Compare any two graphics cards:
GeForce GTX 980 Ti vs Radeon R9 390 8G
IntroThe GeForce GTX 980 Ti has a GPU core clock speed of 1000 MHz, and the 6144 MB of GDDR5 memory is set to run at 1750 MHz through a 384-bit bus. It also is comprised of 2816 Stream Processors, 176 Texture Address Units, and 96 Raster Operation Units.
Compare those specs to the Radeon R9 390 8G, which has clock speeds of 1000 MHz on the GPU, and 1500 MHz on the 8192 MB of GDDR5 memory. It features 2560 SPUs along with 160 TAUs and 64 ROPs.
BenchmarksThese are real-world performance benchmarks that were submitted by Hardware Compare users. The scores seen here are the average of all benchmarks submitted for each respective test and hardware.
3DMark Fire Strike Graphics Score
Zcash Mining Hash Rate
Ethereum Mining Hash Rate
Power Usage and Theoretical Benchmarks
Power Consumption (Max TDP)
Theoretically, the Radeon R9 390 8G should be a small bit faster than the GeForce GTX 980 Ti in general. (explain)
Texel RateThe GeForce GTX 980 Ti will be a small bit (approximately 10%) more effective at anisotropic filtering than the Radeon R9 390 8G. (explain)
Pixel RateThe GeForce GTX 980 Ti is quite a bit (more or less 50%) better at full screen anti-aliasing than the Radeon R9 390 8G, and able to handle higher resolutions better. (explain)
Please note that the above 'benchmarks' are all just theoretical - the results were calculated based on the card's specifications, and real-world performance may (and probably will) vary at least a bit.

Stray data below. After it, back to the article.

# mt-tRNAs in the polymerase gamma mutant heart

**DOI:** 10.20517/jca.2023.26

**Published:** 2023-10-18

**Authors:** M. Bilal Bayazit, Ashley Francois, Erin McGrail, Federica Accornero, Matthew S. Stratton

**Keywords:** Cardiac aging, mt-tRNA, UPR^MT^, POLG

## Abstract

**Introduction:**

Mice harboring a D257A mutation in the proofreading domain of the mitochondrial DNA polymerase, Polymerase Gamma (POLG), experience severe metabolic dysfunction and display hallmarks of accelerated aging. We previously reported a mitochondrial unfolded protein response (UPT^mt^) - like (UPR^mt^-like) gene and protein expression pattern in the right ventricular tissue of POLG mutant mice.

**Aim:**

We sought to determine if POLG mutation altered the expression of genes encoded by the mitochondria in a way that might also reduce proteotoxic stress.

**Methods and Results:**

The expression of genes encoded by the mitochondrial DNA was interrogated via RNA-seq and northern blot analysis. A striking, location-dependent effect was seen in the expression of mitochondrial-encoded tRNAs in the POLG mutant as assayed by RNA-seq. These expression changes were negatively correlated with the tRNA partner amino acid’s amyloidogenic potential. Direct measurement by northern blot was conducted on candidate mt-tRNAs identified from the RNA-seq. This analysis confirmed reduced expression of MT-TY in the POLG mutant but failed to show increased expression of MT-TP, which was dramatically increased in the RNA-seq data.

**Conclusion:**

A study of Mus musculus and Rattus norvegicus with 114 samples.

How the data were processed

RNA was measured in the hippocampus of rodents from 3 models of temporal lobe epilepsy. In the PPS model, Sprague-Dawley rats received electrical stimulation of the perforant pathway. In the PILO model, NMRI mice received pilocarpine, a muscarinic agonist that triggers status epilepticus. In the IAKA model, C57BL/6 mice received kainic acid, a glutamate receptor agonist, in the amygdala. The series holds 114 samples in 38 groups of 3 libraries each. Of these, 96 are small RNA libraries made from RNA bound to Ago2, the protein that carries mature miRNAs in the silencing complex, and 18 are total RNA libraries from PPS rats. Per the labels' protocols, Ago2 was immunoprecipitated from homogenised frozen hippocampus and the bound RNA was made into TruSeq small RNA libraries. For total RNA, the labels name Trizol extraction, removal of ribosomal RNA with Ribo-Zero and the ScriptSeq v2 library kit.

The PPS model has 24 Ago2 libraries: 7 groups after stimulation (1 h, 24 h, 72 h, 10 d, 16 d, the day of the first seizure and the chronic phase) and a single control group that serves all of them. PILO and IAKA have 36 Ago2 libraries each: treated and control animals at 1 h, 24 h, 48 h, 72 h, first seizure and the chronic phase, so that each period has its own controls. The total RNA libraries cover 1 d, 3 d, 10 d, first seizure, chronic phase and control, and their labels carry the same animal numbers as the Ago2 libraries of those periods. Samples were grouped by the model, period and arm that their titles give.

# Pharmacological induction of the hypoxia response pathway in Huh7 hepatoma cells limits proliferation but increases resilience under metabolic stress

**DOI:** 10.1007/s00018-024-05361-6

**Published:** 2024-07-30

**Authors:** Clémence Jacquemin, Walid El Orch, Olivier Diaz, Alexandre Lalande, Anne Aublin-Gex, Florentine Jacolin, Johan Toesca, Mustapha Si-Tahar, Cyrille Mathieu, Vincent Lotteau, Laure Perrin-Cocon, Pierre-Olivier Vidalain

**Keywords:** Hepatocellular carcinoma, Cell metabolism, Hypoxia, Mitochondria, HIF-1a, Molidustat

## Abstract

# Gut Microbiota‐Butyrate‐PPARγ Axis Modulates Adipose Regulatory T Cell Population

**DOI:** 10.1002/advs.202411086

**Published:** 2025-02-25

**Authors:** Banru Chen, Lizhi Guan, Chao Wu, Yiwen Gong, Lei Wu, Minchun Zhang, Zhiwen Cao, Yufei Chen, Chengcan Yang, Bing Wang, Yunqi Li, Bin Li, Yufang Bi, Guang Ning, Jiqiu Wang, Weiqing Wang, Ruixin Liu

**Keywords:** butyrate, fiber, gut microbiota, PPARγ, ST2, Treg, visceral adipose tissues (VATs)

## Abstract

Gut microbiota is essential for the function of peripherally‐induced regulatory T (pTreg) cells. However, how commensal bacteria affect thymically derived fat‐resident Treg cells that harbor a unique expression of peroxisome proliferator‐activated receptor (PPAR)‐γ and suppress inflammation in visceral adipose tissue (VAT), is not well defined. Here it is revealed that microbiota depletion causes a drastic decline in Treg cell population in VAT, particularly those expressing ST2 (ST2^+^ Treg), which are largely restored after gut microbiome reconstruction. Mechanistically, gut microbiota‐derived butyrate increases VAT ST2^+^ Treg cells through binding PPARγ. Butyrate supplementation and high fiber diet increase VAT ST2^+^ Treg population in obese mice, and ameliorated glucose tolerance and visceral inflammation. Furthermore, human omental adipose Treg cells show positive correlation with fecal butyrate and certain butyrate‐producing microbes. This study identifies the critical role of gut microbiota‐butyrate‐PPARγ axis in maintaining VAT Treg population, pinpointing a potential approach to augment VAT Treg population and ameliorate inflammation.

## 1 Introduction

Please note that the price comparisons are based on search keywords - sometimes it might show cards with very similar names that are not exactly the same as the one chosen in the comparison. We do try to filter out the wrong results as best we can, though.
Memory Bandwidth: Bandwidth is the largest amount of data (counted in MB per second) that can be transferred past the external memory interface within a second. It's worked out by multiplying the bus width by its memory clock speed. If the card has DDR type RAM, the result should be multiplied by 2 again. If it uses DDR5, multiply by 4 instead. The better the card's memory bandwidth, the faster the card will be in general. It especially helps with anti-aliasing, HDR and higher screen resolutions.
Texel Rate: Texel rate is the maximum amount of texture map elements (texels) that can be applied per second. This is worked out by multiplying the total number of texture units by the core clock speed of the chip. The better the texel rate, the better the card will be at handling texture filtering (anisotropic filtering - AF). It is measured in millions of texels in a second.
Pixel Rate: Pixel rate is the maximum number of pixels the video card could possibly record to its local memory in a second - measured in millions of pixels per second. The figure is worked out by multiplying the number of ROPs by the the core clock speed. ROPs (Raster Operations Pipelines - aka Render Output Units) are responsible for filling the screen with pixels (the image). The actual pixel rate also depends on quite a few other factors, most notably the memory bandwidth - the lower the memory bandwidth is, the lower the ability to reach the maximum fill rate.